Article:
Joined by Councilwoman Attica Scott, D-1, and other city officials, Mayor Greg Fischer says Louisville Metro Government is increasing its efforts to tackle vacant and abandoned properties.
The demolition of abandoned properties went up by 30 percent in 2012, and city officials are aiming to foreclose on another 100 homes by June 30. According to different housing reports, Louisville has an estimated 7,000 vacant homes and approximately 1,300 of those are abandoned.
Fischer is spending $125,000 in the current city budget to file those foreclosures, and says the goal is to reduce the number of abandoned properties by 40 percent in the next three years and 67 percent over the next five.
“This is one of those projects that is so big it’s easy just to throw up your hands and say it’s been going on for decades, and we can’t do anything about it. Well, I want to say that if you live next to an vacant or abandoned properties and the weeds are six feet tall, I can tell you that it is not an acceptable answer to say there’s nothing we can do about this,” he says.
The mayor also announced that starting on February 1 and on the first business day of each month, the city will release a list of all properties that have either been forced into foreclosure or demolished in the previous month.
A report compiled by the Metropolitan Housing Coalition last year showed that the concentration of vacant properties disproportionately affect west Louisville neighborhoods. One such property is a house located 3313 Hale Street, which was demolished by Public Workers on Thursday and is among a dozen slated to be torn down in the coming weeks.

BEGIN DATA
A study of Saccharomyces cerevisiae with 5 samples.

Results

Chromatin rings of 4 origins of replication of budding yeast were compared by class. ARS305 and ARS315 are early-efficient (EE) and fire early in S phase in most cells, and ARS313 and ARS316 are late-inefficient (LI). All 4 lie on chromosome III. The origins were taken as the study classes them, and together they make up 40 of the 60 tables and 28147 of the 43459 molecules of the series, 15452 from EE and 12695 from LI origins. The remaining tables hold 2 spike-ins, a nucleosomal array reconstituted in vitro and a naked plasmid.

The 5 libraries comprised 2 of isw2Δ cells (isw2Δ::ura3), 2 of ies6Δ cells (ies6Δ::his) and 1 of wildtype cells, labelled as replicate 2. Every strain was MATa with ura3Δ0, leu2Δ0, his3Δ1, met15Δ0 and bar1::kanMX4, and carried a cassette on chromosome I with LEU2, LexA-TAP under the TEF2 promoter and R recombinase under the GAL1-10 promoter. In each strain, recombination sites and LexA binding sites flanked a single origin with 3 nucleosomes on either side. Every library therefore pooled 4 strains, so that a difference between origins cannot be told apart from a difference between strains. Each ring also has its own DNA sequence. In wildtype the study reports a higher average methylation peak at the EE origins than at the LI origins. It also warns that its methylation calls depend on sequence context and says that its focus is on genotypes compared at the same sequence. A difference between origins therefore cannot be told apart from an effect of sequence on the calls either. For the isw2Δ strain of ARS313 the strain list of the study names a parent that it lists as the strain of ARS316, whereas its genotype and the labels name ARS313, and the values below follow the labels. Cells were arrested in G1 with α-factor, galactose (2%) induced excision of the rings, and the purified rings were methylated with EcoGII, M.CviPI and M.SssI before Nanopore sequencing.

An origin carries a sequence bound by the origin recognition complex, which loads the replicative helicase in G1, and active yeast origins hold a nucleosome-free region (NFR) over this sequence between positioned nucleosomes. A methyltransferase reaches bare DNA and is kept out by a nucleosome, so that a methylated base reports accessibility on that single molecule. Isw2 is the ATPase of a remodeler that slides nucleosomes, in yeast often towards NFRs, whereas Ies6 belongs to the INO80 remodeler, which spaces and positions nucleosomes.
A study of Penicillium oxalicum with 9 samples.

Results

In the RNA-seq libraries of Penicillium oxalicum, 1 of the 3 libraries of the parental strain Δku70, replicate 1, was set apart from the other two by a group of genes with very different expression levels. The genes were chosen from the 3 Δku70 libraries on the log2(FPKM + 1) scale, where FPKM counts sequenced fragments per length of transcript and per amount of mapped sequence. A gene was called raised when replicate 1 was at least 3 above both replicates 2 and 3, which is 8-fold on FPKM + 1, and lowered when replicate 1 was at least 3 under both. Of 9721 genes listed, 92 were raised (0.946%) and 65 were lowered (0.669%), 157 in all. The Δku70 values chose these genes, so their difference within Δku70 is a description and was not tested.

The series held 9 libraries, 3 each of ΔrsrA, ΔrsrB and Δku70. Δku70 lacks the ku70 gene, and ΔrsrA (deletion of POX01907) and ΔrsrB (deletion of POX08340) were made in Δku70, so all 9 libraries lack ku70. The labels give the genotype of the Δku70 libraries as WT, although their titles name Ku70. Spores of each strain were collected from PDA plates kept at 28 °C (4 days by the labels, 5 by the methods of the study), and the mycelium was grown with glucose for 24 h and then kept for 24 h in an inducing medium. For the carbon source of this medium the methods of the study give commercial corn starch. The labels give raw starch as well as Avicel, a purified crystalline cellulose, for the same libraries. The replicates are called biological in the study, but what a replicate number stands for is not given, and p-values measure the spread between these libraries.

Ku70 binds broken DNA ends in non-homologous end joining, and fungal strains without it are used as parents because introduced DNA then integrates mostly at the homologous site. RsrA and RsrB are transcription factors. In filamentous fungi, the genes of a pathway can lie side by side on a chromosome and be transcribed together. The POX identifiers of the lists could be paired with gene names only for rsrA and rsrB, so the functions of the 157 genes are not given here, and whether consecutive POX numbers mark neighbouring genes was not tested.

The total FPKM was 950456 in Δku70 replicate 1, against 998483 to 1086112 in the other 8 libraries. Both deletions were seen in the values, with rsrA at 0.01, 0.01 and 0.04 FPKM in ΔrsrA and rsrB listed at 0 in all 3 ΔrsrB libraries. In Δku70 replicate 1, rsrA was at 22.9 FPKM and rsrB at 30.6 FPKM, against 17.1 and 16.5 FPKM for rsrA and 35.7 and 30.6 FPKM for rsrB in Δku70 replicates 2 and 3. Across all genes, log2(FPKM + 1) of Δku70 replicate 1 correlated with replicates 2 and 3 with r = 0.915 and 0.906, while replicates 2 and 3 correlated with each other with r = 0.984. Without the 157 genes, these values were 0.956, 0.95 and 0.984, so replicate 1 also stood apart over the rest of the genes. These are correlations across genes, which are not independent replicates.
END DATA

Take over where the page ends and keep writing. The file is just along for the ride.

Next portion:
Scott is vice-chair of the council’s ad hoc vacant properties committee and has been among those publicly pushing for the Fischer administration to do more to raze those structures. She says the homes present a public health and safety issue.
“There may be some who are sad to see that home go, but to be honest with you the block watch captain who lives three doors down from that house is going to be happy that we’re making his job easier. Because we all know the issue with houses in this type of disrepair, and the kind of illegal activity associated with them,” says Scott.
The west Louisville Democrat is spending $25,000 in discretionary funds to speed up the city’s demolition program, which the city lawmaker has dubbed the “Bringing Down the House” campaign.
The council has taken a more active role in the city’s housing crisis in the last year, with the creation of an ad hoc committee. It is also gearing up to discuss a new ordinance proposed by Councilman Rick Blackwell, D-12, to hold banks accountable for vacant properties.
Fischer reiterated his support for that legislation despite opposition from the Kentucky Bankers Association, saying he hopes lawmakers adopt the measure.
The mayor’s office also announced the hiring of a real estate broker who will work to dispose of properties the city owns by selling them to residents, businesses, non-profit groups or investors.
Fischer’s office also has created a new online Google mapping system that pinpoints vacant structures and vacant lots along with property maintenance violations.